AFTER the disruption caused by Covid-19, the UK PR industry has bounced back strongly, according to the Public Relations and Communications Association (PRCA) annual UK PR and Communications Census. The industry has grown by slightly over 6 per cent since 2020, contributing a record £16.7bn* to the economy, and comprising an all-time high of 99,900 practitioners.
Francis Ingham (pictured), PRCA director general said, “The last eighteen months have proved beyond dispute the value that practitioners bring to business, to democracy, and to our daily lives. When the need to communicate effectively had never been greater, communicators around the UK rose to the challenge.
“While there are obviously many challenges ahead, our industry’s resilience has been verified. Its value has been confirmed. And its future is a fantastically positive one.”
This year’s research shows that 9 per cent of practitioners were furloughed after March 2020, and that 2 per cent were made redundant. Of those, 69 per cent are back to work full-time and 26 per cent are back to work part-time.
In a significant change to working patterns, only 16 per cent of practitioners have returned to their office full time.
The research reveals Covid’s toll on practitioners, with 40 per cent of practitioners saying that they have suffered from mental ill health. The PRCA’s recent Mental Wellbeing Audit highlighted that PR practitioners are significantly more likely to suffer from poor mental health than other UK subjects, with many citing their workload as the key source of stress. For example, 34 per cent of practitioners say that they make work-related calls or send-work related emails after work every day.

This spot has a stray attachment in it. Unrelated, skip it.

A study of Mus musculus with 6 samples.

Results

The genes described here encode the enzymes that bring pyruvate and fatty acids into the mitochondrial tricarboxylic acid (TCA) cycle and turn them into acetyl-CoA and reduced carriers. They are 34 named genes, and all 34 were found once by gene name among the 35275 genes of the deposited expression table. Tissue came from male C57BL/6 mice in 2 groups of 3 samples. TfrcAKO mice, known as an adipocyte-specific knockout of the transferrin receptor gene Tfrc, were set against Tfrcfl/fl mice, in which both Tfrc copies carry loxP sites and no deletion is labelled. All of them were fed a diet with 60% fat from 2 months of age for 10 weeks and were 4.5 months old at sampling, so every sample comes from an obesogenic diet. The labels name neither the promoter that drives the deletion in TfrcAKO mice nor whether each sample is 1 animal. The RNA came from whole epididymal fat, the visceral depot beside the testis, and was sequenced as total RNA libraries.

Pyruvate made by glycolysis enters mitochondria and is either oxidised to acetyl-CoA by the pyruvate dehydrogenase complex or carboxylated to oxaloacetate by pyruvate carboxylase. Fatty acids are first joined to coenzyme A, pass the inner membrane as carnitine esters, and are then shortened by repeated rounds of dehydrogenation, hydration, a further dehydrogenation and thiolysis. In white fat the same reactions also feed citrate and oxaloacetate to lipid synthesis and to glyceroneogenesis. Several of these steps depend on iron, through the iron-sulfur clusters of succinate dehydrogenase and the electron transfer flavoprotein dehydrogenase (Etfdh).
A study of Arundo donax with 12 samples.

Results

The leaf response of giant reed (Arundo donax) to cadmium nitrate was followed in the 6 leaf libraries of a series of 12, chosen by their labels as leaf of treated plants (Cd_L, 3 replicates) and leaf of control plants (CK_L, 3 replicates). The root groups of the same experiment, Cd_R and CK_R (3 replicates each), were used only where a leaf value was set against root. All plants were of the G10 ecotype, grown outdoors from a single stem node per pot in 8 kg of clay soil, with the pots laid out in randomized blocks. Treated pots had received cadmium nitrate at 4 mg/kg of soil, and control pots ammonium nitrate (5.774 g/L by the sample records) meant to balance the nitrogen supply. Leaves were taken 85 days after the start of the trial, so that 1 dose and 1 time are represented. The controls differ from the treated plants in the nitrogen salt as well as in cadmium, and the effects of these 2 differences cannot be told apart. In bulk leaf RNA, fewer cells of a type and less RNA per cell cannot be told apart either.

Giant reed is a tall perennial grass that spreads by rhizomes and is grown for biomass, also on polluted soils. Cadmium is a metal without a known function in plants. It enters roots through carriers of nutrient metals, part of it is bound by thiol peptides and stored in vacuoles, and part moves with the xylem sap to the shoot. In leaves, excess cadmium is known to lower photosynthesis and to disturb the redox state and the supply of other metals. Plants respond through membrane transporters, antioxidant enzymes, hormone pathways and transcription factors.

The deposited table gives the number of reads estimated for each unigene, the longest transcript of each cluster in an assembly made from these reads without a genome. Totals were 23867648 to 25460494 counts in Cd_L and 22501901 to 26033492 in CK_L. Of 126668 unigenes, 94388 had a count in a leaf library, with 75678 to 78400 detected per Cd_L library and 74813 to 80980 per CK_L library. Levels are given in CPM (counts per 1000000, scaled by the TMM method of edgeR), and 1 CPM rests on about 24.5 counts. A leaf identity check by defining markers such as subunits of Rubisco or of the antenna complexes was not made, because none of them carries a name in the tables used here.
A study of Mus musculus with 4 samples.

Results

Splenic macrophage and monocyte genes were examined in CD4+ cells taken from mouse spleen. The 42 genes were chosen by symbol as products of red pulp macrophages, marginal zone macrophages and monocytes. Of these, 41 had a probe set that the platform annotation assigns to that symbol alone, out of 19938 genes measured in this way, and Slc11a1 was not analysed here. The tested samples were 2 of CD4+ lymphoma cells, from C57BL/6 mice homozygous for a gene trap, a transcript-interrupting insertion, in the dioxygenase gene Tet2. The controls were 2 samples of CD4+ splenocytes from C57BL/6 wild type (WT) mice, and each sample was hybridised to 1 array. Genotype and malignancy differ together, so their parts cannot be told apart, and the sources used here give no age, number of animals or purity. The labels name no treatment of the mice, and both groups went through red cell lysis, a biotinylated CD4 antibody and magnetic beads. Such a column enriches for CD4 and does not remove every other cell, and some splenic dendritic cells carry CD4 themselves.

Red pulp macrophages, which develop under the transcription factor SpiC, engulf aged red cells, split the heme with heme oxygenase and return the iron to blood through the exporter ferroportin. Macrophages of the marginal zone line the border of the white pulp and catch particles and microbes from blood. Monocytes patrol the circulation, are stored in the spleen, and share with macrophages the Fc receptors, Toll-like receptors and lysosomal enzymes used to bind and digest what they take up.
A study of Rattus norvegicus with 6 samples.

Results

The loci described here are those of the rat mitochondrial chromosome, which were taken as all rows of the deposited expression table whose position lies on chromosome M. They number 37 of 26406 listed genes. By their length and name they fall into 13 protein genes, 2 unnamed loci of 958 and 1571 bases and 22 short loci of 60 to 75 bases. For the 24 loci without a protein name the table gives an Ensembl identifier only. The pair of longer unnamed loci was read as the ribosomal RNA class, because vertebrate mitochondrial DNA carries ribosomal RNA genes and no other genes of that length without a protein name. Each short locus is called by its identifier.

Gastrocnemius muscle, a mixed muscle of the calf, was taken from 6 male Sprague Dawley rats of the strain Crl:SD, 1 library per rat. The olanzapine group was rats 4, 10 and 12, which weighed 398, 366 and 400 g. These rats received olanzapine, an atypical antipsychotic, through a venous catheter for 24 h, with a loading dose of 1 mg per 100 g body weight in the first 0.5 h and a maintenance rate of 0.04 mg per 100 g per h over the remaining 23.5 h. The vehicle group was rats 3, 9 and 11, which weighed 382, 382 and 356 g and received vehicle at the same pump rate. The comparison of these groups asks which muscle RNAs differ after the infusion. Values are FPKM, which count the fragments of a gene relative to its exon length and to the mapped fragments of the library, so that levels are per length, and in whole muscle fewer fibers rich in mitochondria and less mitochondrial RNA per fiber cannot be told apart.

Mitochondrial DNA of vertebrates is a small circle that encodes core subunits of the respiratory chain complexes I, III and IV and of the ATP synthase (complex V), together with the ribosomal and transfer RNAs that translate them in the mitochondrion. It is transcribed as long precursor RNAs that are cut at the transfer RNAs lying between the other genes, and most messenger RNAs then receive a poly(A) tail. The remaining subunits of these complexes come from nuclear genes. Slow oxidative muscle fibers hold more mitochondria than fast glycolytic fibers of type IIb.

Female practitioners continue to earn less on average than their male counterparts. The gender pay gap is 12 per cent, with women earning an average of £48,293, and men earning an average of £55,312.
The industry’s ethnicity pay gap is 16 per cent. 46 per cent of white professionals earn an average salary of more than £50,000. In contrast, only 32 per cent of non-white professionals earn an average salary of more than that amount.
Anna Geffert, president of Women in PR, said, “The pandemic has opened the door for a reset – humanising the workplace and providing a real opportunity to place equality and diversity at the heart of our businesses. We are moving in the right direction, but now is the time to accelerate. The industry has proved its resilience and that should give us the confidence to reimagine how we recruit, promote and pay our colleagues; encouraging people from all backgrounds to join our incredible industry. Where we lead our clients will follow, so the onus is on us to raise the bar.”
*The 2021 figure is based on the 2020 value with 6 per cent industry growth rate (from PRCA Benchmarking 2020) and 0.85 per cent inflation applied.